Say “sayonara” to your campfires.
The long, hot days of summer arrived, prompting the province to issue an Extreme Fire Hazard rating for the region and, in turn, the regional district to snuff out all campfires for Central Okanagan municipalities and electoral area Fire Service Areas.
While those who crave converging around a fire may be disappointed, the good news is that the ban didn’t go into effect until nearly two months later than usual.
Bruce Smith, from the Central Okanagan Regional District, said last year the campfire ban went into effect on July 3, and in 2014 it was a week and a half earlier.
“The cooler weather that everybody has been complaining about has affected the fire danger rating … it wasn’t until this last week, as a result of the extremely dry conditions and period of hot dry weather, it was boosted to extreme,” Smith said.
West Kelowna Fire Chief, Jason Brolund explained that his department pays close attention to the weather and when it switches, it’s clear that campfires have to go—even if it was a pretty lacklustre summer.
“Chronically, the forests are dry,” he said. “We had on-and-off rain through the summer, but it was never enough to really soak the ground, so the fire danger rating climbs quickly when you get 30 C plus weather and lower humidity,” he said.
Brolund’s assessment of the weather jives well with Environment Canada records.
According to meteorologist Lisa Coldwells, July was not summer-like because there wasn’t a weeklong stretch of heat.
“But when you crunch the numbers it comes out quite average,” she said. “Everybody’s perception was off. If I look at Kelowna in July, it was slightly warmer than normal .7 C than average. That makes it the 17th warmest July on record. And when I look at precipitation it comes out normal, ranking it as 18th.”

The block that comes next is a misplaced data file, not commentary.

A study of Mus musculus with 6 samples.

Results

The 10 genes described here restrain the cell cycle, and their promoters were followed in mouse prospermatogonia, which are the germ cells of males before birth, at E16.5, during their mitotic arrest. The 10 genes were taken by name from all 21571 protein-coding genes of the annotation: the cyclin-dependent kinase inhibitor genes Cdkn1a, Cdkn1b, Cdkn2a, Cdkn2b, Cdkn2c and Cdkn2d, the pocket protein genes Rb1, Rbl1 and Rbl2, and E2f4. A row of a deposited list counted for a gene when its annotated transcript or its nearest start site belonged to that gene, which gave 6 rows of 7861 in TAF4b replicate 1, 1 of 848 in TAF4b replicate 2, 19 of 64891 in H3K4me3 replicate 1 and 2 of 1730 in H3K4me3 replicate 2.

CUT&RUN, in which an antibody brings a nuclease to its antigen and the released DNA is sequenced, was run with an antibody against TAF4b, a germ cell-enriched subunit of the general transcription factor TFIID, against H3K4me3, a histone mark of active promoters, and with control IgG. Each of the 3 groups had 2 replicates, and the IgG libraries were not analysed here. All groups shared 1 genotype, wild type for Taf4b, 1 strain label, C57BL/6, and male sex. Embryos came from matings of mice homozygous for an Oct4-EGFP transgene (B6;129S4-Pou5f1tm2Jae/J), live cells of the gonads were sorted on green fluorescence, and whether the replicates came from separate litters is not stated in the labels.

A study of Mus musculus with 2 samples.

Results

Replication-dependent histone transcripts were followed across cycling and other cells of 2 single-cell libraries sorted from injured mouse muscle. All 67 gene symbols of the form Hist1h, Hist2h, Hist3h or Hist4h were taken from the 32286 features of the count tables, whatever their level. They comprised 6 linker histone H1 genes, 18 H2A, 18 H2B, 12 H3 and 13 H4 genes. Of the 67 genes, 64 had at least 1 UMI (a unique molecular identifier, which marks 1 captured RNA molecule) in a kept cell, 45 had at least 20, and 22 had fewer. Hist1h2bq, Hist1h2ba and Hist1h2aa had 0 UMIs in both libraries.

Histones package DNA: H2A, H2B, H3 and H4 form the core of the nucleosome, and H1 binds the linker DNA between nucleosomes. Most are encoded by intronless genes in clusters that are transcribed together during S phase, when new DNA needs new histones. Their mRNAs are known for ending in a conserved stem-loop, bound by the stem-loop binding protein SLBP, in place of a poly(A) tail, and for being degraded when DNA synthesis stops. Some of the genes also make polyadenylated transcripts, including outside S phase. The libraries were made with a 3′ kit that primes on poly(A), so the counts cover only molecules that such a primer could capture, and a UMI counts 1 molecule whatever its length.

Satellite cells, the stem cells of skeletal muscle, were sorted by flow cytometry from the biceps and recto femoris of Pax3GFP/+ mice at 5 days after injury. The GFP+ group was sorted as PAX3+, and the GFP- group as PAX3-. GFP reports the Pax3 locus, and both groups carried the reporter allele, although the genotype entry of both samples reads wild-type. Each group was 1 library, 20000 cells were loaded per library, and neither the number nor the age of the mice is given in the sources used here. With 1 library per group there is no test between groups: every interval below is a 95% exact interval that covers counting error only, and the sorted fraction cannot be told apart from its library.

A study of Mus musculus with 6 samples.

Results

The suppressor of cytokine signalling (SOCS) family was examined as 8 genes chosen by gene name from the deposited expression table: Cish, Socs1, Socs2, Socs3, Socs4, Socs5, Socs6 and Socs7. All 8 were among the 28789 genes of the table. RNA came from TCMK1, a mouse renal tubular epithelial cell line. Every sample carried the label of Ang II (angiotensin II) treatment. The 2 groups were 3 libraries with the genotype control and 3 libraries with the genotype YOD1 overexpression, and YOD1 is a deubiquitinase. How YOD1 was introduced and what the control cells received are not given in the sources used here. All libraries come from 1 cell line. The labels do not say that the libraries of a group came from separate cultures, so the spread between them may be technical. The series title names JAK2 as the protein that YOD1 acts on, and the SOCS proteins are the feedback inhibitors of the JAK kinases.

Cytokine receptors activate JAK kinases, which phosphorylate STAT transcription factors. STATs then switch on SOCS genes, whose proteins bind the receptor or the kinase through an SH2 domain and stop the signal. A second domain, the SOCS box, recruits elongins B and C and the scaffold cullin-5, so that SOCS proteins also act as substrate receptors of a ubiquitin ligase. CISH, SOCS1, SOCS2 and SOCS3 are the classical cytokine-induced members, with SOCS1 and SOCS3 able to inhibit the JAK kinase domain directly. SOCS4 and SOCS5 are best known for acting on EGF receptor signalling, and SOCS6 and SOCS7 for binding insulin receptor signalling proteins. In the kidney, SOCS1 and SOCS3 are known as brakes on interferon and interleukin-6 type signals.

The heat arrived for August and in the week ahead Okanaganites will get more of what they expect of their summer.
“We have a strong upper ridge in place and we will get sunny, 33 C and 34 C weather that will last until the weekend,” she said, noting that there’s a forecast of 35 C for Saturday, although she’s not expecting it to get that hot.
There’s a weather “blip” expected for Monday, bringing cloudy skies and a slight chance of a shower and then summer will continue on in the high 20s.
“It will continue to be relatively summer like into the last weekend of August,” she said.
If that summer weather prompts any need for camping, however, that ban will still be in place and fines will be slapped on anyone who breaks it.
Violators could receive a fine and be charged the cost of the fire department response to a burning complaint. Residents are encouraged to report anyone who is illegally burning by calling the Regional Fire Dispatch Centre at 250-469-8577.
Fire departments throughout the Central Okanagan remind residents and visitors that all smoking materials should be carefully snuffed out and motorists are reminded not to toss cigarettes or other smoking materials from their vehicle.
Smoking is also not allowed in any RDCO regional park or municipal park in Kelowna and West Kelowna. Smoking is also prohibited in children’s play areas, sports fields, undeveloped parks and wilderness trails in the District of Peachland.
Open burning has not been allowed within any jurisdiction of the Regional District and member municipalities since April 30. As well, local bylaws prohibit the use of any fireworks at any time throughout most areas of the Central Okanagan. Use of fireworks in the District of Lake Country and City of West Kelowna must be approved in writing by the Fire Chief.
Residents are reminded that anytime you see smoke, call 9-1-1 and report it.